I hold degrees in Modern Languages and Slavonic Studies, and I study several languages in my free time. I interact with some candidates in their native language on LinkedIn or via email, and this can be a good icebreaker which also makes those messages stand out. This is especially pertinent for people who are actively looking to change jobs, who get several emails or LinkedIn messages a day about new opportunities.
For me, one of the nicest parts of my role at Kea is that it is collaborative.Researchers work hard to help each other on our individual searches, so we are never left unsupported. We discuss our searches with each other throughout the day and these discussions regularly generate not only new candidates, but also new strategies and novel ways of thinking about a search.
What does it take to be successful in your role?
Nuance. It’s not enough to work your way through a theoretical list of candidates just because they all seem to fit a given role on paper - in order to be truly successful in this role, you need to have sufficiently strong relationships with candidates to know what their preferences are (and what is driving those preferences), and monitor them as they change. Sometimes this is very granular, and it can take an awareness of a fund’s culture, beyond their investment strategy and sector focus, to know whether someone would be happy and capable of thriving there. At other times, this can mean suggesting an opportunity to a candidate that they’ve never considered before, but which nevertheless fits the criteria of what they’re looking for.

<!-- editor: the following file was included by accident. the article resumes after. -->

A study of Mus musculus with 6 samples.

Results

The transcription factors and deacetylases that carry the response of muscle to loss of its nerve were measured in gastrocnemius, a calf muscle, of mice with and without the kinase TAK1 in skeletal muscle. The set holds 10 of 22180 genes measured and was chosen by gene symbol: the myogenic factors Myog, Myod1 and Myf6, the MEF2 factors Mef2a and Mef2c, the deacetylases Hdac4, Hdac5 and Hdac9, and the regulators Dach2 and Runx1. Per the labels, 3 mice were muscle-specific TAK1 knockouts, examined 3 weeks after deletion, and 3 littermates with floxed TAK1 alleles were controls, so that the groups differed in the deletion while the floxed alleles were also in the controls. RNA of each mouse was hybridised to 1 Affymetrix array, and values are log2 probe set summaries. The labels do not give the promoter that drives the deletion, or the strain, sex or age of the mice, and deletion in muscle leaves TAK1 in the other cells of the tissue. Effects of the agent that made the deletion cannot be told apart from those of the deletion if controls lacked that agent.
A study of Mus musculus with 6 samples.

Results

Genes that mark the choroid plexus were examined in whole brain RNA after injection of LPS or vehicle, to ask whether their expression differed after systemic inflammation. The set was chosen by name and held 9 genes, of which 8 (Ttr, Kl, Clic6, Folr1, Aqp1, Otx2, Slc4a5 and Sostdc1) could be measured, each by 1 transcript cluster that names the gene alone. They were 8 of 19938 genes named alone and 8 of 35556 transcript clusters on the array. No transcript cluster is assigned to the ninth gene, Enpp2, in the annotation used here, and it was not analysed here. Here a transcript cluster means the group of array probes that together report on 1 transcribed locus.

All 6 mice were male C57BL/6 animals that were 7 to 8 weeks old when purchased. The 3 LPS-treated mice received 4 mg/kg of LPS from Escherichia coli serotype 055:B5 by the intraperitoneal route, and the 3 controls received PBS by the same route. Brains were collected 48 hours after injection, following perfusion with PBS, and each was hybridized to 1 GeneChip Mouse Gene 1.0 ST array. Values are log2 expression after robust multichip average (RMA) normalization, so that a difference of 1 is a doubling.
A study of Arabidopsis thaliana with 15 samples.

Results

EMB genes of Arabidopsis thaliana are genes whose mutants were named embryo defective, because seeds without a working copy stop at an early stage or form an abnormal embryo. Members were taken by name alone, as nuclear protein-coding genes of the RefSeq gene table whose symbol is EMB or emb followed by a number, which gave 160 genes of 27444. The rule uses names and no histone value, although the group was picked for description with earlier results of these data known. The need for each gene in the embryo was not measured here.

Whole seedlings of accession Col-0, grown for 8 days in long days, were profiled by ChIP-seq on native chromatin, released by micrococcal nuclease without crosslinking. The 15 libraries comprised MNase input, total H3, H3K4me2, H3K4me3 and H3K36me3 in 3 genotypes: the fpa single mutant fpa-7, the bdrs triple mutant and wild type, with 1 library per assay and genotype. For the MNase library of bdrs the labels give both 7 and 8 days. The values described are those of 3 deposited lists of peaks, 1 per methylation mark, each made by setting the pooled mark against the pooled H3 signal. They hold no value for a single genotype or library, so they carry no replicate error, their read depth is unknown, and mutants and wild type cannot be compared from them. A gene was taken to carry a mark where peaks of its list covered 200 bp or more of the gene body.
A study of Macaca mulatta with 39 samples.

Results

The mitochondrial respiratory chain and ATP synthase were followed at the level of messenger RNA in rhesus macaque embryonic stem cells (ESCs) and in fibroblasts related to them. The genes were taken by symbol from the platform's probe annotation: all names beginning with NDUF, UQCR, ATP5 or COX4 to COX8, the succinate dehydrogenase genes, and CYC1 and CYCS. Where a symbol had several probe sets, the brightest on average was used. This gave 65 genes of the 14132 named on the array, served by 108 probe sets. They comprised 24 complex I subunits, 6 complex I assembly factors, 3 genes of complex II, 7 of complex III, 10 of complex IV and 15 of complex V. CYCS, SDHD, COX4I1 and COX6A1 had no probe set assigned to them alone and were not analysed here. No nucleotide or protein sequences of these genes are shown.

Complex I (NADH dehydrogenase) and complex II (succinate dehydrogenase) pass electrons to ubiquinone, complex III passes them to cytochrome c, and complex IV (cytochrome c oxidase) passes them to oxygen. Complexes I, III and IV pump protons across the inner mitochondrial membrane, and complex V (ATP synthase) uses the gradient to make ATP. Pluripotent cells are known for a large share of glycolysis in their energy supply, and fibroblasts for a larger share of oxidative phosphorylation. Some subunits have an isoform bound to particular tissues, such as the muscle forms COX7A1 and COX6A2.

What fills your diary on a day-to-day basis?
In a typical day, I spend time on calls to catch up with both clients and candidates on where we are in a particular recruitment process. I call candidates to discuss new roles that they might find interesting, which is also a good opportunity to find out how things have been going for them since they last chatted to someone at Kea, and what new experience they’ve gained in that time. It’s also my responsibility to handle interview scheduling for my searches, so I’m often involved in a good deal of email back-and-forth to negotiate the best times for both sides to meet, despite busy schedules and timing pressure.